Wakeboarding & Surfing: How to Create The Perfect Wake

Wakeboarding and wakesurfing have been around for decades. It all started in the 50s and 60s, when surfers realized they could catch waves behind any boat -- given the right conditions.

How to Create a Bigger Boat Wake

Since then, riders have focused on getting bigger and better waves behind the boat. But how do you create the perfect wake? Let's dive in.

#1: Add More Ballast (Weight)

adding ballast bag to boat

Pictured: FatSac Open Bow Triangle Ballast

It's simple: More weight equals more wave. In fact, the boat's displacement of  water is what contributes the most to making big waves. The deeper the boat hull rides in the water, the more water it displaces.

Short of simply buying a bigger boat, the most effective way to increase displacement is with ballast: Dense material used to add dead weight to the boat, placing it deeper in the water.

Modern ballast bags are the answer to conveniently adding weight. These heavy-duty bags are shaped to fit neatly inside the hull without taking up too much space. Ballast bags are shaped to fit at the bow -- the front of the boat -- or in the stern (rear deck), up against the transom.

Steel and lead shot was once used to add weight. But now, most ballast bags are filled with water via an electric pump after you launch your boat.

#2: Install a Wake Shaper

liquid force wakesurf edge wake shaper

Pictured: Liquid Force Wakesurf Edge Inline Wake Shaper

Adding displacement may be the most effective way to make bigger wakes, but shaping all that water for better riding and airtime is just as important for achieving the perfect wake.

Wake shapers (also called enhancers) are the key. These devices attach to the rearward hull of the boat using powerful suction cups. Equipped with large fins, wake shapers direct the water being displaced behind the boat up and outward, focusing it to form a bigger wave.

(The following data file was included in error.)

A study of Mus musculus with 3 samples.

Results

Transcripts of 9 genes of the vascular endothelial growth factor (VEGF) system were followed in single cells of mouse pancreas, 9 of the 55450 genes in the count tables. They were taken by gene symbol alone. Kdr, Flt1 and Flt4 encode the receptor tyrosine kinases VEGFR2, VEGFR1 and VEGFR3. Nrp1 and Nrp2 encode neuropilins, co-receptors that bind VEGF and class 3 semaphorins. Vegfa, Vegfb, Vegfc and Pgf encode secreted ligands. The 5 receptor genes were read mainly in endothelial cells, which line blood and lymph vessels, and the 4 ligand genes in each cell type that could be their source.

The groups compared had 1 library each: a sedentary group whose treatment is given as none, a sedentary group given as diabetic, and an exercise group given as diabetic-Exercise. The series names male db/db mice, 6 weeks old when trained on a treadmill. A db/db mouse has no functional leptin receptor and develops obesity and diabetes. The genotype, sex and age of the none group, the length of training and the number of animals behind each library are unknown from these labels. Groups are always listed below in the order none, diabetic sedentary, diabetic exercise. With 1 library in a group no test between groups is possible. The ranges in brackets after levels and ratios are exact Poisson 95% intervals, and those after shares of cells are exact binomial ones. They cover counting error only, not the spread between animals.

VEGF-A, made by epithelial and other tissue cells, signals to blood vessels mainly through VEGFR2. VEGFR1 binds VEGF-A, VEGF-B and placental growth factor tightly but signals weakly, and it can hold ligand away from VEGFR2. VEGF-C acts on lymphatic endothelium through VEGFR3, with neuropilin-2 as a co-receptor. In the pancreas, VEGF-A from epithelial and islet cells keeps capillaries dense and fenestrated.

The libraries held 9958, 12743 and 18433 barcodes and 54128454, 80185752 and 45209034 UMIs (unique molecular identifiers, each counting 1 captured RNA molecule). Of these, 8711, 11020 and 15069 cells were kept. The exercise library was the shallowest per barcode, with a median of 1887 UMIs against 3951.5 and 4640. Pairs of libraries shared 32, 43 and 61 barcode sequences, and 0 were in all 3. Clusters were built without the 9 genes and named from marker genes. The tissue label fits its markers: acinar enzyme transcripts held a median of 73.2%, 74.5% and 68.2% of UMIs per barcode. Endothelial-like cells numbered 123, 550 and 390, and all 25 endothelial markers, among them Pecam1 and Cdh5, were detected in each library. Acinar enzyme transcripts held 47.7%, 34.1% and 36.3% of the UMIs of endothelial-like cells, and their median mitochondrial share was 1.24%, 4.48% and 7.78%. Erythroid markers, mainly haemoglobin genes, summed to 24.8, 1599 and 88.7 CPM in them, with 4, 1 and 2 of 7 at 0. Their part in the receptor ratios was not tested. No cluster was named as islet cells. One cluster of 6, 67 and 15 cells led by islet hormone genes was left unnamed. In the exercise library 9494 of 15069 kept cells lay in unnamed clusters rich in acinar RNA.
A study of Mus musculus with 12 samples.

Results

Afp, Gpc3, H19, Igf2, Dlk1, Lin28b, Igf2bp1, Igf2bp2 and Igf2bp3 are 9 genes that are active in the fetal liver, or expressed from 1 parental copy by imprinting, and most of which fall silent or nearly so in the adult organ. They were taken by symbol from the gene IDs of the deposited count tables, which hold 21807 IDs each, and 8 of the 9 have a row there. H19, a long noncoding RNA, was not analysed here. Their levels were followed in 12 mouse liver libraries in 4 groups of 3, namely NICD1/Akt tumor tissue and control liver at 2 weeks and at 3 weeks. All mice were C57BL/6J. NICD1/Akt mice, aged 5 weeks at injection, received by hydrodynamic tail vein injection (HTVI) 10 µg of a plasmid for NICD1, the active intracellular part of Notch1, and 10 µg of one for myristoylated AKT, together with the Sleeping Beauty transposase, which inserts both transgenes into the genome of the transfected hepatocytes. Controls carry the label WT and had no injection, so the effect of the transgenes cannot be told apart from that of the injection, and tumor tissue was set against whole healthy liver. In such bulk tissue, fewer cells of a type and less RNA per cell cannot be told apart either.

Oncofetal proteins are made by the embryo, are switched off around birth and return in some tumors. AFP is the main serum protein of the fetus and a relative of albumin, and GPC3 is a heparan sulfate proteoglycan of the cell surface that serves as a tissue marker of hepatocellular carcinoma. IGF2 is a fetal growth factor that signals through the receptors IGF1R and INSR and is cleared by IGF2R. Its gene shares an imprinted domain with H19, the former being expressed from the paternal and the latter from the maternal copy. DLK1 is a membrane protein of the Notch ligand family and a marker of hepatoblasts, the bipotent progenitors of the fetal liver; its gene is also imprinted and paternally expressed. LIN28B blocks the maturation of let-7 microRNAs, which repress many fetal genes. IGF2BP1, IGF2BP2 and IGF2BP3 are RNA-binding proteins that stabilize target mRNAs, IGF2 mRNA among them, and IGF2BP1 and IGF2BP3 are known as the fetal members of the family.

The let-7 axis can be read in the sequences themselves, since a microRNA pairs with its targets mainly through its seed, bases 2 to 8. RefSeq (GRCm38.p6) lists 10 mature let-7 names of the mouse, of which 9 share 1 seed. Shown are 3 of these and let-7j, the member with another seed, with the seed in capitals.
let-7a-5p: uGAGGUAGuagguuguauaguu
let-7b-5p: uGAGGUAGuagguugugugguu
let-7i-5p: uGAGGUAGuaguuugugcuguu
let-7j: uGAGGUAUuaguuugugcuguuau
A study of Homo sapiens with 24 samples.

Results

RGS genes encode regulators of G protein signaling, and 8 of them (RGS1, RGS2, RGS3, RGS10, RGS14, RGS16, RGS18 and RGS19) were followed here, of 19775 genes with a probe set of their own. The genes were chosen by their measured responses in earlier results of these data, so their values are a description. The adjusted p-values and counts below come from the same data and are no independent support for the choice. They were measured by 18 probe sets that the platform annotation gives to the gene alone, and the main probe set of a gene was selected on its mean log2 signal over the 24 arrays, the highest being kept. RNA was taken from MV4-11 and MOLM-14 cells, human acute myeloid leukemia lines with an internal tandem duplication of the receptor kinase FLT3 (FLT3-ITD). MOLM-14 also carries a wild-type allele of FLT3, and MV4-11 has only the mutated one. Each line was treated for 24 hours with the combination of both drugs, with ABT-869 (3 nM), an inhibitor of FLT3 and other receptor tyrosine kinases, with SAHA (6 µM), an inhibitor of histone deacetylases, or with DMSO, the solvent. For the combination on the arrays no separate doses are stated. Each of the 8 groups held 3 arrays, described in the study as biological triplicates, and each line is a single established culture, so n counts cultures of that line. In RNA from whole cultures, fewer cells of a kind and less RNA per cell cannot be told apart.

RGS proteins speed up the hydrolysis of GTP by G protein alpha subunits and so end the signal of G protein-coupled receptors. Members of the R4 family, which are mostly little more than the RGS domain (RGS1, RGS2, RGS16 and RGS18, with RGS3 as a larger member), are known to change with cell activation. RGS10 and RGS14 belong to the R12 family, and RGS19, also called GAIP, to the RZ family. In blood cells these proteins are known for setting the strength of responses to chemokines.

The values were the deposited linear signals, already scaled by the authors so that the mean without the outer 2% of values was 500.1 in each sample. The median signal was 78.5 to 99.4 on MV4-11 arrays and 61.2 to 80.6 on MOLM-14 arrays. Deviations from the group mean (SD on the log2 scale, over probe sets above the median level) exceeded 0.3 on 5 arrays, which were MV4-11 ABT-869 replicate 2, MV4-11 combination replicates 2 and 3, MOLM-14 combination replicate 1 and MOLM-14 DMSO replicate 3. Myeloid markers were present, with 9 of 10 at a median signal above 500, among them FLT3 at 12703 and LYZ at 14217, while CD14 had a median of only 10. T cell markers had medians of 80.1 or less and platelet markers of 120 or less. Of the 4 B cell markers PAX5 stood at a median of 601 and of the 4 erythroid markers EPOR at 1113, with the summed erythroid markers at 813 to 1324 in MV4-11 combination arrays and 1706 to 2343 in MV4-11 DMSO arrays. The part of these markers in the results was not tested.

But wake shapers do far more than just make a bigger wave. They can be oriented to direct water to one side of the boat, transforming the two natural wakes that form into one larger wave.

Wake shapers also reduce turbulence, creating a smoother wave that's easier and more enjoyable to ride.

#3: Find Deep Water

Some water simply isn't deep enough to support big wakes. Shallow water (under 15 feet) should be avoided. Before launching, it pays to look at your local lake's depth maps. Find where the water's at least 15 feet deep, and plan where to wakeboard and wakesurf accordingly.

#4: Get Right Length of Tow Rope

choosing the correct length wake rope

The correct length of tow rope depends on whether you're wakeboarding or wakesurfing. Either way, using a wake rope that's the correct length is key to ensuring the rider gets into the "sweet spot" on the wake.

The proper rope length will place the rider just in front of the whitewater breaking atop the wake. The board should rest near the top of the wake's barrel, where the surface is rolling smooth.

Rope length will need to be adjusted for your specific setup but, generally, the ideal rope length for wakesurfing is between 10 and 15 feet. For wakeboarding, you'll need between 65 and 85 feet of rope.

Making The Big Wake Work

Dialing in your wake shaper, adding ballast, and picking the perfect spot to ride are just one half of the equation. You, the rider, need to learn to take full advantage of all that wake.

Now it's time to learn how to jump the wake. Make sure you've got the right wake rope and handle, too (read more about it here).